Being judged for our integrity

Is it correct behaviour for the chairman of Malta’s financial services regulator to involve himself with such offshore outfits?

MFSA chairman Prof. Joseph V. Bannister
MFSA chairman Prof. Joseph V. Bannister

Very often, in its quest to establish the truth the public questions divergent views expressed in Parliament.

These divergent statements, on several occasions, are exchanged between government members and the opposition, but at times also between members of the same party. In a democracy, all MPs are at liberty to state that which they feel is in the interest of the country. The public seeks to learn who is right. They demand facts, tangible evidence and proof to corroborate statements. Truth is God’s friend.

A few months before the 2013 general election and when the debacle of Valletta Fund Management’s La Valette property fund was a grave concern for hundreds of small savers who had lost money in this scheme, I spoke in Parliament saying that while this was unfolding, the chairman of the Malta Financial Services Authority (MFSA) seemed to be more occupied with his own directorships of multi-million hedge funds domiciled in the Cayman Islands.

Over the past two months the government has been assailed with criticism from the opposition in the light of what was revealed in the Panama Papers, as well as accusations as to how this will have a serious and adverse effect on Malta’s financial services sector.

A number of financial services practitioners expressed their concerns with me, this time not simply on what was being written in the local press, but more worryingly abroad. They presented me with links to UK newspapers and filings with the US Securities and Exchange Commission concerning the involvement of the MFSA’s chairman as a paid director of yet another gigantic hedge fund also domiciled in the Caymans, and other offshore jurisdictions.

The hedge fund Sloan Robinson has over $15 billion under management (four times the annual budget of Malta’s government). The filings list MFSA chairman Professor Joe Bannister as “a professor of bio-chemistry at the University of Malta since 1992, currently pro-rector, re-appointed chairman and president of Malta’s regulatory and inward investment body for the financial services sector…” – and together with other fund directors, is paid a fixed fee as a percentage of the assets under management and also receives a substantial fee tied with the performance of the funds.

The question immediately arises: was he appointed on these offshore funds because he holds the public offices stated in his CV as filed?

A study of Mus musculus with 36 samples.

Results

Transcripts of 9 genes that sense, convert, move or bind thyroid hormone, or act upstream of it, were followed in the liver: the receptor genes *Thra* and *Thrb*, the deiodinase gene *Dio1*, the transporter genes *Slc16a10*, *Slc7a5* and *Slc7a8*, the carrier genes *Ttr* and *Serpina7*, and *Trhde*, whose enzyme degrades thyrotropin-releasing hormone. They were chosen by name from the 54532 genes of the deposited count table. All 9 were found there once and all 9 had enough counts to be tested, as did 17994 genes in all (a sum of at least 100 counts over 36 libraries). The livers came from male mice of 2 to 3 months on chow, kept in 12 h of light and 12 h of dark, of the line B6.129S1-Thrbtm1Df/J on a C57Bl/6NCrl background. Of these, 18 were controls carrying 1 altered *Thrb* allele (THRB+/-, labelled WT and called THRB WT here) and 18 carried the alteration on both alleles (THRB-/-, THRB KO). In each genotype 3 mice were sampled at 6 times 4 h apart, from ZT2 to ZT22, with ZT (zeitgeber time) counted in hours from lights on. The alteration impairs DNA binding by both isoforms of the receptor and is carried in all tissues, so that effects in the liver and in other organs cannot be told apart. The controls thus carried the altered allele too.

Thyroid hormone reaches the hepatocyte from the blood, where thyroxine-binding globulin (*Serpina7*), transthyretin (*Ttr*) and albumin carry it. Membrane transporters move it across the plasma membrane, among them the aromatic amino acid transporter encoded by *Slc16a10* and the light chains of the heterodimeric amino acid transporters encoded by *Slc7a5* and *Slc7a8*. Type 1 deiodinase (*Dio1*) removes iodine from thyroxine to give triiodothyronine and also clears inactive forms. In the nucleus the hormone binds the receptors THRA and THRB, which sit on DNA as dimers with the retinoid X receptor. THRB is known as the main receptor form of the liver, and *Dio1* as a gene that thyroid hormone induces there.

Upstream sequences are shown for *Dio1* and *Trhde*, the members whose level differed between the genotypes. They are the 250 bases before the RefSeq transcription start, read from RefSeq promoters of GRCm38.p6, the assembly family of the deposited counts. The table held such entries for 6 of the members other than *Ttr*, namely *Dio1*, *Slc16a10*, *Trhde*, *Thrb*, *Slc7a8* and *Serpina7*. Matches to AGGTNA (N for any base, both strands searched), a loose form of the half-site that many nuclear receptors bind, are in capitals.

Why would he have involved himself in this fund when he very well knows that such a paid directorship is against IMF and European Central Bank directives concerning the avoidance of conflict of interest of financial supervisors?

And besides the undisputed conflict there are other concerns for Malta and the sector which Bannister is responsible to regulate. Sloane Robinson are known to be politically active through their large multi-million donations to the UK Conservative Party. It is not the first time that this involvement has brought them adverse and negative comments in the British press. It has also been reported that the firm was sanctioned by a UK Judge and made to repay millions to the UK Inland Revenue (HMRC) after an offshore scheme that they administered was judged to be a mechanism for those participating in it to avoid paying taxes.

Is it correct behaviour for the chairman of Malta’s financial services regulator to involve himself with such offshore outfits? If these funds go astray, it will be the collective responsibility of all members of the board. They will be held accountable to the public. What will be or indeed is the potential damage to Malta and the financial services sector?

It becomes even more worrying when against all documented evidence Bannister continues to deny and defy. Last year the government proposed the appointment of a highly qualified and respected professor in the area of financial services to serve as a governor on the board of MFSA. The chairman objected to this, saying that the person concerned had a conflict of interest as he was a director of a fund.

The government being prudent, it withdrew this nomination for this reason. The MFSA also imposes strict obligations on its 300 members of staff with regard to conflict of interest. So what is truly behind the queer attitude of the MFSA’s chairman? Also given the public discussion on the Panama Papers, why two weights and two measures? In all this there is an important question to be asked by all of us: should there not be some level of expectation that persons entrusted with public office ultimately are driven to ‘do the right thing’.

It is called integrity. It is what the public and ultimately the electorate expects and will judge us on.